Monday, 24 August 2015

Best Practice in Tourism Development – Shared Attributes for Developing Indian and Papua New Guinea Tourism

Press Release - Best Practice in Tourism Development – Shared Attributes for Developing Indian and Papua New Guinea TourismThe Prime Minister, Hon. Peter O’Neill CMG MP, has highlighted the way in which India has developed a strong cross-sectoral approach to strengthen its tourism industry.

PM O’Neill made the comments following a visit to the World heritage listed Taj Mahal in the Indian city of Agra, and a briefing from India’s Tourism Ministry.

“While our nations are different in population and landmass, India and Papua New Guinea share common attributes that are important for developing a strong tourism industry.

“India is a developing country that has worked to meet many of the logistical challenges that need to be overcome to bring visitors from around the world.

“Both countries have very rich and diverse cultures that are of great interest to foreign visitors.

“This includes different cultural practices, music, food and dancing. “We both also have stunning coastlines and islands, as well as inland mountainous areas that are spectacular.”

The Prime Minister said a significant way through which India has expanded tourism is by engaging with small and medium enterprises.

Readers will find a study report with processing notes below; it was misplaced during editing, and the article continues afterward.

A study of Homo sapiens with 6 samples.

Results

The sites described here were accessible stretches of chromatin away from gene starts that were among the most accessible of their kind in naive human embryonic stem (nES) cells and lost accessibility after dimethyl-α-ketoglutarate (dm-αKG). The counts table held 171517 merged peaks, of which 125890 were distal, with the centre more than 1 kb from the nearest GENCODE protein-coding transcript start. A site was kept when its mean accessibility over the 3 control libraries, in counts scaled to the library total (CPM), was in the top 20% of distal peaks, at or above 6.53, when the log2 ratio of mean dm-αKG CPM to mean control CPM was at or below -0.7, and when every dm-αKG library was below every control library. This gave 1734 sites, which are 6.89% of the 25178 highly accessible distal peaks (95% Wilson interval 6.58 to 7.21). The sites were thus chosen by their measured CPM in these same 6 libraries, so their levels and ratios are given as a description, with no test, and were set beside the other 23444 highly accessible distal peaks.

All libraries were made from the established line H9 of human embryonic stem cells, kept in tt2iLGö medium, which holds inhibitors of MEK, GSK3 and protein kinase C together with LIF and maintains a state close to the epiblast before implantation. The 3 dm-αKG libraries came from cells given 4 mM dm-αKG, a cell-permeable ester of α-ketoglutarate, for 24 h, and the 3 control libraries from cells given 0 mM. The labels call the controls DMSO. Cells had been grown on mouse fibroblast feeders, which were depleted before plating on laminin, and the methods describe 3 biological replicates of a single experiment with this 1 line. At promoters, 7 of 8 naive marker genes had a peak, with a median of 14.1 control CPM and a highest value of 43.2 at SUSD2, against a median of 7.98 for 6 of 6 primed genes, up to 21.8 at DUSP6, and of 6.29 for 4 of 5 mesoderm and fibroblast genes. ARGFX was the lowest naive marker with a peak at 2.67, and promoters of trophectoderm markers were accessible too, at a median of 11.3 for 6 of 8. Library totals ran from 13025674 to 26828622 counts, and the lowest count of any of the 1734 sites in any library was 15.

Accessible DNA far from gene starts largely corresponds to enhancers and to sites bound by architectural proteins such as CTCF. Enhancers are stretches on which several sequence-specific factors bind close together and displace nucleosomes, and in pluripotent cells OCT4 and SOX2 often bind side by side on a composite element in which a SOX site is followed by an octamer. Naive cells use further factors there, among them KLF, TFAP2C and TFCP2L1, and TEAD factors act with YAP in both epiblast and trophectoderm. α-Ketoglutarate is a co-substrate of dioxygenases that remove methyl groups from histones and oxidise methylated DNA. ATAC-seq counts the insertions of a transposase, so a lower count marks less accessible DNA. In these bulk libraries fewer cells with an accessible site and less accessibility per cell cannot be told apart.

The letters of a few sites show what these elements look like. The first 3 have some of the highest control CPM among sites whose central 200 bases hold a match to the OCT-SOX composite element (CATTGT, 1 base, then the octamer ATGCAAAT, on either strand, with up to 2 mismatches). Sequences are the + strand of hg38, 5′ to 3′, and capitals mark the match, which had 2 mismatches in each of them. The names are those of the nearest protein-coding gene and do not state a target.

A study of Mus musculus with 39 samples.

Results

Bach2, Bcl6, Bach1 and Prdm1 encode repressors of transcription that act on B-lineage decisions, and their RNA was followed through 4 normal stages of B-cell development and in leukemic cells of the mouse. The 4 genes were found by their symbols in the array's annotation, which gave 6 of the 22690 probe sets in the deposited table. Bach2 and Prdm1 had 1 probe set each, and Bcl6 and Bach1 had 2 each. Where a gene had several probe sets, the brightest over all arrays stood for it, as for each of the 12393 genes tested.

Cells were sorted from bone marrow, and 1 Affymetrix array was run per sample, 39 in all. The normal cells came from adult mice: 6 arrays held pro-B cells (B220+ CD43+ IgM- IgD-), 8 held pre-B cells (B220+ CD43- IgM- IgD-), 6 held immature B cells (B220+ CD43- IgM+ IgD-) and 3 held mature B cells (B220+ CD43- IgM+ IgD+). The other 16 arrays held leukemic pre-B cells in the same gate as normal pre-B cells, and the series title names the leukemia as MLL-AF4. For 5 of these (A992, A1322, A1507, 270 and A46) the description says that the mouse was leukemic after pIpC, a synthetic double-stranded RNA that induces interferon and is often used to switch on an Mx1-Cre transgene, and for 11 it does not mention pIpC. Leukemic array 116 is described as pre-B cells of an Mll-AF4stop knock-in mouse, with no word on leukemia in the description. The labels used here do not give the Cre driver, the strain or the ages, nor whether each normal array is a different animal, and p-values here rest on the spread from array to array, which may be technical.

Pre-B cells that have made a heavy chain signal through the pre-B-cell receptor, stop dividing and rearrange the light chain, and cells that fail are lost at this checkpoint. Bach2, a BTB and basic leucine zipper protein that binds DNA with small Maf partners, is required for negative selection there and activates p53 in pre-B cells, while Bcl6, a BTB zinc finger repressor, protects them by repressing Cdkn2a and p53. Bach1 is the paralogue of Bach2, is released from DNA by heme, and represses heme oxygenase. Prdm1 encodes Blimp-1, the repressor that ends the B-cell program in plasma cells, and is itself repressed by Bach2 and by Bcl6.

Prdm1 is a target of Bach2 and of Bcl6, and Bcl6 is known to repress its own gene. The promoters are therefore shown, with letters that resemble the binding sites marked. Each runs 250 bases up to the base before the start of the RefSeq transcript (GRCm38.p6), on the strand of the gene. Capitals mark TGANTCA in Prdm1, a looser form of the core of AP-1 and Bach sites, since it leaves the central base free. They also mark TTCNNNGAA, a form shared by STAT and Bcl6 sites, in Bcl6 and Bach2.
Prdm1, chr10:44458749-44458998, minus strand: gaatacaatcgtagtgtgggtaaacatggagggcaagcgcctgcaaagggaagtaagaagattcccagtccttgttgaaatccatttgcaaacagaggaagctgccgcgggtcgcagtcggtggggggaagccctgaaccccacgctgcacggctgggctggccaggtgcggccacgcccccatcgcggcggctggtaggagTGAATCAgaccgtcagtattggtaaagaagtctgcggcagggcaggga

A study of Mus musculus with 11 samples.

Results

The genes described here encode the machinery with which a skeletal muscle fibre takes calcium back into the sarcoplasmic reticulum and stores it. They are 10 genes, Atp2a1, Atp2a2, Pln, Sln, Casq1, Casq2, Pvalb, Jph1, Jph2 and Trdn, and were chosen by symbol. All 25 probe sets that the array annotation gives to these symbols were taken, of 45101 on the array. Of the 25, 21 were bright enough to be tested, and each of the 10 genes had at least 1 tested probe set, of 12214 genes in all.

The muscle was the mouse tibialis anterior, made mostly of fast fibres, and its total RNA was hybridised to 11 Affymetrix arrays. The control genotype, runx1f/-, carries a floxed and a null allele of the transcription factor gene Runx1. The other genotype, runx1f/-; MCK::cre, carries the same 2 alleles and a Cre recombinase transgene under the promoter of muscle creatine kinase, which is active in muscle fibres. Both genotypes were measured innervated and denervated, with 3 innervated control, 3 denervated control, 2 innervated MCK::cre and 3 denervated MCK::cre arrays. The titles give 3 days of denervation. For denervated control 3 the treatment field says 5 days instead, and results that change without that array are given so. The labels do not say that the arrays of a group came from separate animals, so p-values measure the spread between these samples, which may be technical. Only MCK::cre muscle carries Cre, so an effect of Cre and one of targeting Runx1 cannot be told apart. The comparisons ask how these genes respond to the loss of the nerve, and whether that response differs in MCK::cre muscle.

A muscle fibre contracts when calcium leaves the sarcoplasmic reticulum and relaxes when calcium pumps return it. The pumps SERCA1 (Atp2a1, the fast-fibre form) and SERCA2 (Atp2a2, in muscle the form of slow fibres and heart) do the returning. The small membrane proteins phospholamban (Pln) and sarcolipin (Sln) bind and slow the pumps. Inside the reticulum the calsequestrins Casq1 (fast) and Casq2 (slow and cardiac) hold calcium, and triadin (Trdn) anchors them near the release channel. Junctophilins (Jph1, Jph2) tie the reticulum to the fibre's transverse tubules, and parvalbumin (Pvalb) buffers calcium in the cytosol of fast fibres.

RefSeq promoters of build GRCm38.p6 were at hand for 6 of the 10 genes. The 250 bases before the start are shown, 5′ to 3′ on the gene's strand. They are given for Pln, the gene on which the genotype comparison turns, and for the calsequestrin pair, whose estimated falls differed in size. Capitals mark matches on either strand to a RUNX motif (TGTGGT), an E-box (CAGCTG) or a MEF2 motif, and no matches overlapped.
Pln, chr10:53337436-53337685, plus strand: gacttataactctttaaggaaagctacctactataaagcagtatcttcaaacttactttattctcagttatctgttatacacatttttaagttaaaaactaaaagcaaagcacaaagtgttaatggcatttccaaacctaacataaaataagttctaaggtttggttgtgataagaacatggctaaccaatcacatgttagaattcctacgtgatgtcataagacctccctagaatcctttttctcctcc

“India has achieved great success in the way it has developed a tourism sector that works with millions of SMEs. “As our tourism sector grows in Papua New Guinea, SMEs are essential to our success.

“We must develop the right ways for SMEs to engage in our tourism operations. “This includes a large range of businesses from the provision of transportation, tour guides, art production and operating retail stores.

“Papua New Guinea has many features that already attract tourists from around the world and we must grow this industry. “From the very large backpacker market through to family holidays, and niche tourists such as people seeking adventure travel or fishing, we have a lot to offer.

“The aviation sector in India has also been opened to greater competition which has brought with it a lowering of the cost of travel. “This directly increases the number of youth and family tourists who are able to visit the country as well as increasing domestic travel.

“We take note of the challenges and successes experienced by India in bringing the world to its shores and developing a very strong tourism sector.”